While there will not be a rollback on restrictions in light of the recent increase in COVID-19 cases, the government remains in Pandemic Condition of Readiness 2 and is tightening quarantine requirements for incoming passengers.
Gov. Lou Leon Guerrero on Saturday confirmed the July 1 reopening of Guam’s tourism industry will be delayed.
“Our struggle with COVID-19 is far from over but we will prevail,” said Leon Guerrero. She was joined in the press briefing by Dr. Felix Cabrera, who is with the governor’s physicians' advisory group, and acting Department of Public Health Director Lori Duenas.
The governor shared concerns with the recent spike in COVID-19 cases. Guam’s total count is now at 248 with the majority being reported in the northern part of the island.
Sixteen new cases reported this past week came from areas throughout the community and were not part of a cluster.
The governor also said the contact tracing investigations and the military’s investigations are ongoing after 35 airmen deployed to Guam tested positive. Those airmen apparently violated restricted movement orders while staying at the Guam Reef Hotel in Tumon and visited at least 30 establishments across Guam.
Leon Guerrero said some of the airmen have hired legal representation, but the military continues to work with local officials and has assured her they will hold service members accountable for any breach in protocol.
“This increase in the number of confirmed cases is concerning, and it should be taken very seriously. As I have said before, our decisions will be based on data – not fear,” said Leon Guerrero. “The data indicates that our progress is not lost. We will not roll back any of our current measures; however, we will be delaying any further relaxing of restrictions.”
The increase in cases, she said, is also contributed to more people getting tested. As of Saturday, the governor said there was no new date that has been set to reopen tourism, but health officials are monitoring the number of those tested daily to make a determination.
“While most businesses have reopened and social gatherings of no more than 25 are permissible, new cases are a reminder that the world is not yet COVID-free,” she said. “We cannot become complacent. Limit contact to those within your households, wear face masks, practice social distancing of at least 6 feet, and wash your hands. Without a vaccine, this is how we can beat COVID-19. There may be tough days ahead, but we will get through this together.”
Expanded community testing will continue over the next three weeks, Duenas said. The dates and locations will be announced soon.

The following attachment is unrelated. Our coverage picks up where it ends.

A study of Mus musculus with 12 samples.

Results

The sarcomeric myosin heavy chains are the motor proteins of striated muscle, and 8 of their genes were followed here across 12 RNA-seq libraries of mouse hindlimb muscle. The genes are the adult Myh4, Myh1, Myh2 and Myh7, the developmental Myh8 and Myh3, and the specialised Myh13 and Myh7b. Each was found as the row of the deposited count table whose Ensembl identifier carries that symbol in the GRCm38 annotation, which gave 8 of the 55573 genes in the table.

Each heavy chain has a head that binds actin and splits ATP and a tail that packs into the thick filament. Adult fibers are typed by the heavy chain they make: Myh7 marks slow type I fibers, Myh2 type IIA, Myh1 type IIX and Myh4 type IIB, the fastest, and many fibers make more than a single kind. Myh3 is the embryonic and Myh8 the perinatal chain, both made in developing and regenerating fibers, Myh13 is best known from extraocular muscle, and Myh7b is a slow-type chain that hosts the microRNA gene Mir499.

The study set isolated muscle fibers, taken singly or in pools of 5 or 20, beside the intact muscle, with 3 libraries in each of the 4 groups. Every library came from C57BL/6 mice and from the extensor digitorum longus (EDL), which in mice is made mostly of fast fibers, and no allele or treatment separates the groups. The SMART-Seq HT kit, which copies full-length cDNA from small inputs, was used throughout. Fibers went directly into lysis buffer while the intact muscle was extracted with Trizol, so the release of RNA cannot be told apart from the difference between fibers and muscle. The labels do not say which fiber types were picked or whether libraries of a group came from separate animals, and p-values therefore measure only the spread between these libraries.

New quarantine requirements
Cabrera said part of the ongoing monitoring includes watching how many positive cases are reported alongside how many people are being tested for the virus daily.
“We’ve gotten to a point where it’s gotten much more slim in these areas and it is a warning that if the cases continue to go up and if we are not doing enough testing, we’d be going backwards in terms of our progress,” said Cabrera.
The increase in COVID positives now means new changes to the quarantine, testing and monitoring requirements for all travelers coming into Guam. The new policy goes into effect after midnight on Wednesday.
The new policy for travelers includes the following:
• Hotspot locations will be renamed as "high-risk areas."
• For the U.S., risk status will be determined on a state-by-state level, to include territories.
• The default level of quarantine required upon arrival on Guam is based on whether a traveler is coming from a high-risk area.
• A pre-arrival negative polymerase chain reaction (PCR) test, in particular for those traveling from a high-risk area, is necessary to determine the location of quarantine.
• Residency status will NOT determine the level of quarantine or testing required. Considerations for alternate quarantine locations will still be made in certain limited circumstances.
• High-risk areas will be determined by a calculated COVID-19 Area Risk (CAR) score, which primarily assesses an area’s recently calculated case doubling time and test positivity rate.
Current high-risk areas include: Alabama, Arizona, Arkansas, California, Florida, Georgia, Idaho, Mississippi, Nevada, North Carolina, Oklahoma, Oregon, South Carolina, Tennessee, Texas, Utah, Bangladesh, India, Indonesia, Nepal, Philippines, Africa, Central America, Middle East, and South America.